Senate committee backs judicial inquiry into media regulation in Australia


The Senate Inquiry into Media Diversity has today recommended that a judicial inquiry with the powers of a royal commission be established to examine whether the existing system of media regulation is fit‐for‐purpose and to investigate the concentration of media ownership in Australia.

The majority report of the Senate Environment and Communications References Committee further recommended a number of measures to be implemented in the meantime to ensure a diverse news media landscape and to protect public interest journalism and our democracy. 

The inquiry was established by Greens Senator Hanson-Young in response to more than half a million Australians signing a petition started by former PM Kevin Rudd calling for the establishment of a royal commission into the Murdoch media dominance in Australia.

Today’s report is the culmination of almost 13 months of investigation by the senate inquiry which held five public hearings and received close to 10,000 submissions from members of the public, news organisations, businesses and corporations, experts and other stakeholders. 

Committee Chair and Greens Media Spokesperson Senator Sarah Hanson-Young said:

“More than a year ago, half a million Australians urged the parliament to establish a royal commission into the dominance of the Murdoch-media empire. In response, the Senate supported the Greens move to establish an inquiry and today we have a report that has concluded the call by more than half a million Aussies was warranted.

“The majority of the committee which undertook this 13-month-long inquiry, has recommended the establishment of a judicial inquiry with the powers and weight of royal commission into the state of media diversity and dominance in Australia. This is a move the parliament itself can make. 

“It’s clear the regulatory system for media in this country is broken. Monopolies have been allowed to flourish in both traditional media and through online platforms. Mechanisms that should ensure accountability and responsible reporting are slow and ineffective and we are seeing a rise in misinformation that is causing serious harm in our community.

“During the course of this inquiry, the problems with the system became increasingly apparent with the dangerous rise in the spread of misinformation both through traditional media and online platforms. This simply cannot go unchecked and unregulated, the health of our communities and our democracy is at stake.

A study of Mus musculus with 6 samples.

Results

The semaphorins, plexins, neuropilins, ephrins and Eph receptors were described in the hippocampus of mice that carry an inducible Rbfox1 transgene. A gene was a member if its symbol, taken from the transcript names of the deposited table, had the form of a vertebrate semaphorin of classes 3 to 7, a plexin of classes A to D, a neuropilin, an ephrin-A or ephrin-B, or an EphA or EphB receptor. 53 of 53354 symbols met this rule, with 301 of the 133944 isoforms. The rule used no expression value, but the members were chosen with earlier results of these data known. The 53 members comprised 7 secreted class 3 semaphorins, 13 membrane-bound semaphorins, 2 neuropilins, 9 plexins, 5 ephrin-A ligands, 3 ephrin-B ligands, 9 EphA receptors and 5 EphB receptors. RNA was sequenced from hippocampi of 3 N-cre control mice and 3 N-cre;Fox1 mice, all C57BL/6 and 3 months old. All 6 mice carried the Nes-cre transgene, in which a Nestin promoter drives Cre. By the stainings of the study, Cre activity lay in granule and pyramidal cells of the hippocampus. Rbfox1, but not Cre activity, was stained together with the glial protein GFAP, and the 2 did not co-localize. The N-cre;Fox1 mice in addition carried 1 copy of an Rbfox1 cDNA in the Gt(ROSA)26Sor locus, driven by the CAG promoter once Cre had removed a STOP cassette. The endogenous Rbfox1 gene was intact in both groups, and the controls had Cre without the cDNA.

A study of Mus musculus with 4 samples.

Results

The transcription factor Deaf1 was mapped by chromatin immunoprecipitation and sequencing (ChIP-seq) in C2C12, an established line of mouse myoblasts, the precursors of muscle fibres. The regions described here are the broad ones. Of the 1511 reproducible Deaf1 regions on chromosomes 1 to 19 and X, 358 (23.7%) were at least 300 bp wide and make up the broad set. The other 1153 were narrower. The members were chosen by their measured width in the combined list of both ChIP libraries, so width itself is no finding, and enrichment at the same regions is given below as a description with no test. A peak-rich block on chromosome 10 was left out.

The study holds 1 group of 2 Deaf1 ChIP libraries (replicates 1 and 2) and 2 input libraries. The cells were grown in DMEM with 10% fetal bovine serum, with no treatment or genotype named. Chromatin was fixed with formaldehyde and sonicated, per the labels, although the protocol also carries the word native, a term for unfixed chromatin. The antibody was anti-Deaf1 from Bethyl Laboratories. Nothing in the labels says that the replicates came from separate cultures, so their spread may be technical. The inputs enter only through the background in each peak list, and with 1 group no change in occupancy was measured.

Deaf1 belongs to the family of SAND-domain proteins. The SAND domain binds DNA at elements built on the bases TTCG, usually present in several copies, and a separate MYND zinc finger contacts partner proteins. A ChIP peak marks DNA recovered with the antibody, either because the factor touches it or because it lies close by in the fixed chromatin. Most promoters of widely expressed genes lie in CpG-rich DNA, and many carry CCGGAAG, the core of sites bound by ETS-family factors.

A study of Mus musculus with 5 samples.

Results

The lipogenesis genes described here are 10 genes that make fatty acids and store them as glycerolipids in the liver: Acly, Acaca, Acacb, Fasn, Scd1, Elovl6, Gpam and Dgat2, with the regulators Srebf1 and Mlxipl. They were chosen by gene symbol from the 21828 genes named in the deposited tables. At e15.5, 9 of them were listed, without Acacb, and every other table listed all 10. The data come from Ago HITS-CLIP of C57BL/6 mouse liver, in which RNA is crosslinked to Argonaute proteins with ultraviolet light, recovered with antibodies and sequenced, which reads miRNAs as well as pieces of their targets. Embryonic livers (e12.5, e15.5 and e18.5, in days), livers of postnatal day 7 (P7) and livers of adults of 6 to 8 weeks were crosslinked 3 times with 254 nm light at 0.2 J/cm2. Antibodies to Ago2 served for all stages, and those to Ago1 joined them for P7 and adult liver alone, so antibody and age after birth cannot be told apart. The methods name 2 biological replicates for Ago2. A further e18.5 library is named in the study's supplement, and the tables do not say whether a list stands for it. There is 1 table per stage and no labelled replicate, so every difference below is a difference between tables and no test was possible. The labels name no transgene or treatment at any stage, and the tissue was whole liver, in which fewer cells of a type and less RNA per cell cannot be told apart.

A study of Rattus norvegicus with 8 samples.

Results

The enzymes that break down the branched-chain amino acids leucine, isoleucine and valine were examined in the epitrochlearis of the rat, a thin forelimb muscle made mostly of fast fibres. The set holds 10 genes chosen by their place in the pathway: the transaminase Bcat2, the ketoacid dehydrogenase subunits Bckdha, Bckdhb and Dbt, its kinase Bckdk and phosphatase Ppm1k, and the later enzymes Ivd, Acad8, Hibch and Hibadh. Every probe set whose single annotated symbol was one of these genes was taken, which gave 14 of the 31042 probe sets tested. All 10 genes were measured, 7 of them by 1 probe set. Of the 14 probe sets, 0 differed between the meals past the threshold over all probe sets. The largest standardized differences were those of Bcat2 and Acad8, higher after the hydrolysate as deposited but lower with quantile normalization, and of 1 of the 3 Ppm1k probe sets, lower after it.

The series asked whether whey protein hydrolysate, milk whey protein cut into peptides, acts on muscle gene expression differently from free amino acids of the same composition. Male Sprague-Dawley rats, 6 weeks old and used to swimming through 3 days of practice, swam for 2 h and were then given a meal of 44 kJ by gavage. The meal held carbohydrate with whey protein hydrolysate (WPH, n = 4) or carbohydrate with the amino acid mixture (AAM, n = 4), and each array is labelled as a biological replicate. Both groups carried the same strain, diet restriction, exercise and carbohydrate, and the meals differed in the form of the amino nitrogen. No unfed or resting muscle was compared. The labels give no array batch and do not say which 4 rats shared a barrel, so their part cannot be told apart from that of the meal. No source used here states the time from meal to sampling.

“The evidence that the Murdoch media empire is indeed a dangerous monopoly was heard loud and clear. From climate-denialism to gendered, partisan attacks, and providing a platform for racism and for covid disinformation, the impact of both concentration of media ownership and a failing regulatory system was obvious.

“Throughout the inquiry we heard about the many Australian journalists that produce high-quality, in-depth reporting with integrity and professionalism. It is those hard-working journalists that are being let down by a broken regulatory system and corporate culture inside news organisations that allows poor behaviour to flourish. 

“Only an inquiry with the powers and weight of a royal commission can truly do this issue, so vital to our democracy, justice. The majority report also recommends a number of measures the government of the day should get on with implementing immediately to maintain public interest journalism and prevent a further decline of media diversity in Australia. 

“The Greens moved for this inquiry and have long advocated for public interest journalism to be better protected. Today we are also releasing our election commitment to measures to strengthen media diversity in Australia. Further information on the policy can be found here.

“From providing emergency information about bushfires, health information during the pandemic and asking the tough questions about government integrity, quality journalism is at the heart of a functioning democracy. 

“The Greens’ policies to properly fund our public broadcasters and save the ABC from attacks by the Morrison-Joyce Government, ensure stable funding for the independent newswire, and for the introduction of a Media Freedom Act, will go a long way to protecting public interest journalism and the fourth pillar of our democracy.”